6 / 5 / 2019

For racial, ethnic, and gender minorities in the United States, diversity can signal a safe place to work or learn, opportunities to grow, and a chance to create value for oneself and one’s communities. Fostering belonging among a diverse group of people is powerful, and it’s hard: the status quo is a vicious and self-perpetuating cycle.

The status quo is that white men make decisions about who gets hired, which ideas get funded, and what products get made. And unsurprisingly, they usually end up hiring white men, funding white men, and making products for white men. As a result, white men continue to generate more wealth than other groups, ensuring they remain the dominant demographic. According to behavioral psychology, that’s natural: we select people like us because we feel safer. This preference is often unconscious.

In order to achieve real diversity, therefore, the individuals in an organization must be willing to put this sense of safety aside.  It’s a worthy goal though: studies show that racially- and gender-diverse teams make smarter decisions, achieve better financial outcomes, and innovate more productively. Working on a diverse team can be uncomfortable, and that’s precisely why diverse teams perform better.

At OpenInvest, we’re striving to build a diverse team because we truly believe it will make our work better and our impact greater. Our employees have driven product features that serve certain groups better, built causes that impact different communities, and challenged the ideas of what we as a Public Benefit Corporation can and should be doing for our clients – and we’ve still got a long way to go. By expanding job postings beyond the traditional sources for tech and finance, holding hiring managers accountable to unbiased tracking, and creating metrics around retention and promotion, we hope to assemble a company whose diverse internal strengths will challenge traditional structures of technology and finance.

But beyond the value diversity brings to a company or its shareholders, striving for a diverse team is the right thing to do, helping bring social and economic growth to disenfranchised groups, and empowering individuals to create more change.

That’s why OpenInvest is now making it possible to invest in the companies committed to racial justice, both in their workforces and among their stakeholders.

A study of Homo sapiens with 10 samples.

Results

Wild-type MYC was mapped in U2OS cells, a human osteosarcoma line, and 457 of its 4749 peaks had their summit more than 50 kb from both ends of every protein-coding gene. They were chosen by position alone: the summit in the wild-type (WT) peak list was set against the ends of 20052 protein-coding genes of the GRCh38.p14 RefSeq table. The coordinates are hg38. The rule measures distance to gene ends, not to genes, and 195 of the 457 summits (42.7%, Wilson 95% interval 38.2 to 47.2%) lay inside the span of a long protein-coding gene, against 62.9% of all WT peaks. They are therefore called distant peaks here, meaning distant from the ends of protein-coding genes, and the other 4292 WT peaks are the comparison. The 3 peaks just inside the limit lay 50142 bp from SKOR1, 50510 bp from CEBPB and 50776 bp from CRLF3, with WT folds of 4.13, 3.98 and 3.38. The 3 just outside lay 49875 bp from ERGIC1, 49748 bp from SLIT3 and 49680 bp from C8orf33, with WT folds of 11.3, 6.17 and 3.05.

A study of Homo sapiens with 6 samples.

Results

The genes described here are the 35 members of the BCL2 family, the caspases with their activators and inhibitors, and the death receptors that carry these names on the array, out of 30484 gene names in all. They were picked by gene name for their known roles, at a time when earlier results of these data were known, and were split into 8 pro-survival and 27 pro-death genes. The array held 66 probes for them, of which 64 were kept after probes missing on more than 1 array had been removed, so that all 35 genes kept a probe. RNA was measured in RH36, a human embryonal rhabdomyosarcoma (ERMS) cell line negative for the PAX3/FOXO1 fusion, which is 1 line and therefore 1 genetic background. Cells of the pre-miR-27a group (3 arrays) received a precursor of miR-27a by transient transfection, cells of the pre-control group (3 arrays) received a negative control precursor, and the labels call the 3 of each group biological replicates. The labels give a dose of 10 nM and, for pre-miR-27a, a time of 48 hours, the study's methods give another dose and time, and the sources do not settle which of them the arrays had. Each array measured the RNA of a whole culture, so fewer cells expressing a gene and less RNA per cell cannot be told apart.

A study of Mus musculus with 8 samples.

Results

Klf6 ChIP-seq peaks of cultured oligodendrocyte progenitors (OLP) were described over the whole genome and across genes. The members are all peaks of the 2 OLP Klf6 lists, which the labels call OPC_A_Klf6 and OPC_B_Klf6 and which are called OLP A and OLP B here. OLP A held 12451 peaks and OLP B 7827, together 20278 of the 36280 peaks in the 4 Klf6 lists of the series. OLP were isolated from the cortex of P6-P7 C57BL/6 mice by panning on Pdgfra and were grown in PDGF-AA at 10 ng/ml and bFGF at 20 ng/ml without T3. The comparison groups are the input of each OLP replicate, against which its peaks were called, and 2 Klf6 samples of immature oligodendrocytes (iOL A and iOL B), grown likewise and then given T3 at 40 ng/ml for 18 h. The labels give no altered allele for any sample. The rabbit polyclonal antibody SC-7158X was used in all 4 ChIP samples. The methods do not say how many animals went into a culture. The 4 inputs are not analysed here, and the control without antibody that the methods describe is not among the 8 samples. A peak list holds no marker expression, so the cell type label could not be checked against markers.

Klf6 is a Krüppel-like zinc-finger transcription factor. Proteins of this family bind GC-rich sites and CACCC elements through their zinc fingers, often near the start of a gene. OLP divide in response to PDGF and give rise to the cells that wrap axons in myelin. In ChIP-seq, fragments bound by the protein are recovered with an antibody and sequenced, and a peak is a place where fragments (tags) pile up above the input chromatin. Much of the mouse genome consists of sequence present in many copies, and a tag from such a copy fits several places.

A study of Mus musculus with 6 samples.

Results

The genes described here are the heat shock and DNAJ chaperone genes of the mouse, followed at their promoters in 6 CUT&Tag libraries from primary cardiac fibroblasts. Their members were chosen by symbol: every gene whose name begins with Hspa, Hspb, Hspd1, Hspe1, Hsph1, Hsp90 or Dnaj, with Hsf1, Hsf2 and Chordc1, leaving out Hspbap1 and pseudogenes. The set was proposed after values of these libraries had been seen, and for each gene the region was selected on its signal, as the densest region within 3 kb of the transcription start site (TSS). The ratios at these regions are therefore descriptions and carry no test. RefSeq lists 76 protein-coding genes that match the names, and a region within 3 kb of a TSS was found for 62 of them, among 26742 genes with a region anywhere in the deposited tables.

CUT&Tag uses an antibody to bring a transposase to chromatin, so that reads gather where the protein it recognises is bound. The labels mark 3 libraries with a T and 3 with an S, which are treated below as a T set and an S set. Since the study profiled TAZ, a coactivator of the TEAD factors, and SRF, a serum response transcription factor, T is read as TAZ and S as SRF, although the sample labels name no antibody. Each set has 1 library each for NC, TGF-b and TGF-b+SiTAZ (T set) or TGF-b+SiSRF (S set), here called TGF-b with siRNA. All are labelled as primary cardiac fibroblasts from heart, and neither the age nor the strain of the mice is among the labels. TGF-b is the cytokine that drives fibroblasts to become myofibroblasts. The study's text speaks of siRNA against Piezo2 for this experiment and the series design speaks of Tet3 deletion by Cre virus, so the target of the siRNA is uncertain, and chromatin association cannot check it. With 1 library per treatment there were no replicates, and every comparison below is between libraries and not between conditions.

According to the US Constitution, race-based discrimination is illegal, but progress is incremental and injustice persists. Some corporations tout their commitments to diversity in their employee ranks, but results are dismal: only 3 of the CEOs in the Fortune500 are African-American. At the same time, companies perpetuate systemic inequality by ignoring the impacts of their businesses on communities of color: approximately 15 of the top 100 corporate air polluters emit more than 2/3 of their total air pollution in regions populated by racial or ethnic minorities, though air pollution is disproportionately caused by white Americans.

OpenInvest’s Racial Justice Cause works in two ways. Based on the belief that you can’t manage what you can’t measure, our Cause overweights an investor’s portfolio into companies with quantitative diversity targets, and those who regularly publish diversity reports. It divests from companies named in recent diversity controversies and those that disproportionately pollute in low-income or minority communities.

OpenInvest clients have been asking for a racial justice cause since day one, and it’s been on our minds since before the company was founded. We’ve spent a long time looking for the right way to approach it, as diversity and its impacts are often qualitative. It’s impossible to put a value on the safety a marginalized person feels at work, and we know that lip service to diversity is not always diversity itself. However, we feel that working with the tools at hand is preferable to waiting for the perfect data, and we look forward to improving this (and our other causes) all the time.